When you're skiing in the Himalayas and China instead of Europe in 5 years you'll probably have forgotten where you first heard about it. GoBlog, damn it, GoBlog. Burn that into your memory so you never forget. The $350 million Himalayan Ski Village, one of the first mega-resorts to be built in the Himalayas, continues to get a lukewarm reception from locales who are pissed that Alfred Brush Ford, the great-grandson of US automobile pioneer Henry Ford, is building it. Don't they know protests are futile? Progress will not be stopped damn it. And in the immortal words of Al's great grand pappy, "You can have any color you want as long as it's black!" Via Malaysia Sun.
If you live in an undiscovered town full of unique culture,
affordable housing, amazing quality of life, and an abundance of outdoor
activities be scared, because you're about to be bum rushed by
urbanites full of ennui, wanderlust, and mucho disposable income. They're coming to buy all your
real estate, steal your women, sell your kids into slavery and trample everything you hold dear. And here's their guide
book, 101 Best Outdoor Towns: Unspoiled Places to Visit, Live & Play, which like the endless Outside Magazine lists of best outdoor places to live, hopes to find the few remaining places in the States that haven't been hollowed out, and clean 'em out like last year's pumpkins. Wow, pumpkin metaphors. Simply amazing.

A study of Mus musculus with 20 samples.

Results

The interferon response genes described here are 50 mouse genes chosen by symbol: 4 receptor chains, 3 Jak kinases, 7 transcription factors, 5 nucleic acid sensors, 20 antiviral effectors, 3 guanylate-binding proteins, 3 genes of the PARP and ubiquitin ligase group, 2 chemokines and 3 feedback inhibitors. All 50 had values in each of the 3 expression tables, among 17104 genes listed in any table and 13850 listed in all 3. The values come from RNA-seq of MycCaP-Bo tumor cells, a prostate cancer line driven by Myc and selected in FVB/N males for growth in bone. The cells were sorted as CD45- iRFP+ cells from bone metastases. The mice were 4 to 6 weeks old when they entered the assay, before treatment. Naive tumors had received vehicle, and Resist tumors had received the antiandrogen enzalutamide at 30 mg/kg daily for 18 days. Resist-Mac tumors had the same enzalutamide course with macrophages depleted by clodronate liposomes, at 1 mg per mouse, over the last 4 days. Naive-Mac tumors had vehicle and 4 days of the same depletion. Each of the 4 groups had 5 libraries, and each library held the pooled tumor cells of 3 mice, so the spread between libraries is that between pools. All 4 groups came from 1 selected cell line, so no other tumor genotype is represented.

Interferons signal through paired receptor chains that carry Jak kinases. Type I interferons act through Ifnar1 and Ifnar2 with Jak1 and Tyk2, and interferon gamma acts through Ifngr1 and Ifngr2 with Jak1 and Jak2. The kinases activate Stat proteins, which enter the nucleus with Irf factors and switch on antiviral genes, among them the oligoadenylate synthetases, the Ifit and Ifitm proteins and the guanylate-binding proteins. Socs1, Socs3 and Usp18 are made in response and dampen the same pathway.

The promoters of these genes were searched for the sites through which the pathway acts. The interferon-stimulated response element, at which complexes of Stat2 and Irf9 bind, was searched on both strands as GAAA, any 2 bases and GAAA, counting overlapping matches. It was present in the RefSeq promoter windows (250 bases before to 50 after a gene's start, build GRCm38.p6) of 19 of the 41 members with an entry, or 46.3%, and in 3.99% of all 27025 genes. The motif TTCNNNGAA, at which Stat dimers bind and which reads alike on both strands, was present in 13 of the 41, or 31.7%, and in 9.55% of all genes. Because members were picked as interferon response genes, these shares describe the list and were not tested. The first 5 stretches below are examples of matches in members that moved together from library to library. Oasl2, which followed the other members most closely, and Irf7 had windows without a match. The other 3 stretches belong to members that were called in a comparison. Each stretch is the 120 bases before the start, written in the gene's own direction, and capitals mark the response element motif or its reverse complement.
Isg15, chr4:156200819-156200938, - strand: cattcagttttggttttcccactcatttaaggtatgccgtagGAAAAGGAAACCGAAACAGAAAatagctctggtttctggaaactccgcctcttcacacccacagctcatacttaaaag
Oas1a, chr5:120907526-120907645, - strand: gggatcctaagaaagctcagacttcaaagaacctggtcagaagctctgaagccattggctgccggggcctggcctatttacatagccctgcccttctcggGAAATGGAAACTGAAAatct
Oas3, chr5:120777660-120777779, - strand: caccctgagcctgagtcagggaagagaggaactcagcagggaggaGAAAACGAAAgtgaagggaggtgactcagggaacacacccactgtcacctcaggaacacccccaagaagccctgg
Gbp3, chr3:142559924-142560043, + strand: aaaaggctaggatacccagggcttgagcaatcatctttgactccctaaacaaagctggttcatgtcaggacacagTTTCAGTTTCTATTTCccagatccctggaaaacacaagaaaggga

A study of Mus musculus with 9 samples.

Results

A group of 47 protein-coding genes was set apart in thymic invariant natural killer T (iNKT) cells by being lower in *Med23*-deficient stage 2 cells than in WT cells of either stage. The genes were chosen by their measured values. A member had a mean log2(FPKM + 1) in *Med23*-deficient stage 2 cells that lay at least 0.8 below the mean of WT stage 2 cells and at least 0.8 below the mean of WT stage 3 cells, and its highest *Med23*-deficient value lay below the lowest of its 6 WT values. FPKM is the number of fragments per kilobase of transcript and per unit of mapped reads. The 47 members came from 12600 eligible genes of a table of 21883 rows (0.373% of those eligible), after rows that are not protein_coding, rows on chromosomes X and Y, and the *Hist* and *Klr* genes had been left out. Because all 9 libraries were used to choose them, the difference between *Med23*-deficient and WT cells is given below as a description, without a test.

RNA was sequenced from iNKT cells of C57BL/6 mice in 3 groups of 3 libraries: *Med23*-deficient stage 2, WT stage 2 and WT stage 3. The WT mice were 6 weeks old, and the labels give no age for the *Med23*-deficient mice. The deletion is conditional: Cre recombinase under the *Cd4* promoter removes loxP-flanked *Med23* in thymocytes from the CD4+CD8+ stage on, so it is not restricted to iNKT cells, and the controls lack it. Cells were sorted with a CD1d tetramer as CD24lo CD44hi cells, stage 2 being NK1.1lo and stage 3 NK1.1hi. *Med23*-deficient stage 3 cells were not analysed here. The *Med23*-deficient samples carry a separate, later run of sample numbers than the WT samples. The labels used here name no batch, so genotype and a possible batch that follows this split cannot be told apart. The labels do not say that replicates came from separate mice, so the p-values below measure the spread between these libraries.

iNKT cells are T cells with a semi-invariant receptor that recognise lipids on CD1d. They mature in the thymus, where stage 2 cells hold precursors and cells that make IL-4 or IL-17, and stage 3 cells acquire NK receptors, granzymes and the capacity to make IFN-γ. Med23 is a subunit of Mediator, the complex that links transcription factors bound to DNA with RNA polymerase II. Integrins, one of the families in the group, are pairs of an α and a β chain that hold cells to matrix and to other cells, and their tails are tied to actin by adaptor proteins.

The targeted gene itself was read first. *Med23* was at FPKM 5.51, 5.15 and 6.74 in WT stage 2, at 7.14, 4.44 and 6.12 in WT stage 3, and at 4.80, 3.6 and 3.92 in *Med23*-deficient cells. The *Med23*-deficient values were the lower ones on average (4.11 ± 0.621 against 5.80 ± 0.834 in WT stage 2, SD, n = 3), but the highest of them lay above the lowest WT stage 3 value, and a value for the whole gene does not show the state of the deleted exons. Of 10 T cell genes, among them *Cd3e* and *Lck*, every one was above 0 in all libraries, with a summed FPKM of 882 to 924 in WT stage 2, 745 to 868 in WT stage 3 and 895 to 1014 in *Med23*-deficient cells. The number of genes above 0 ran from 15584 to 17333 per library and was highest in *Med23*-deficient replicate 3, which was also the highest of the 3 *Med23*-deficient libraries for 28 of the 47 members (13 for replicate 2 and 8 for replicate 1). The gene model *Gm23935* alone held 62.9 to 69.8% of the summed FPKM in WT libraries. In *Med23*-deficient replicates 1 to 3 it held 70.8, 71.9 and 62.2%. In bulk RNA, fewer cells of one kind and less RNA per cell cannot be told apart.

In case you didn't belive us on this, here's the mainstream media finally getting over Everest. Well, ok, maybe it's just one guy at the Seattle times, but it's a start:
This year's summiteers included a 71-year-old Japanese man and an 18-year-old incoming Stanford freshman, Samantha Larson, whose ascent completed her conquest of the fabled Seven Summits — almost before she was old enough to vote.
The mountain has been climbed by people who are legally blind, missing various limbs and inflicted with various incurable diseases. It's been climbed in 8 hours, 10 minutes, from base camp by a Sherpa veteran, and climbed 17 times by another expert Sherpa climber.
People have been married on the summit, helicopters have successfully landed there, and the great peak has been descended by skis, snowboard and parasail. As far as we know, it hasn't been climbed and descended by a headless man on a unicycle, but check back with us again this time next year.
Bottom line: There's nothing worth doing on Everest that hasn't already been done. If you want to seek global acclaim in the man-vs.-nature department, don't pack away all that ambition. Just channel it toward a more creative venue.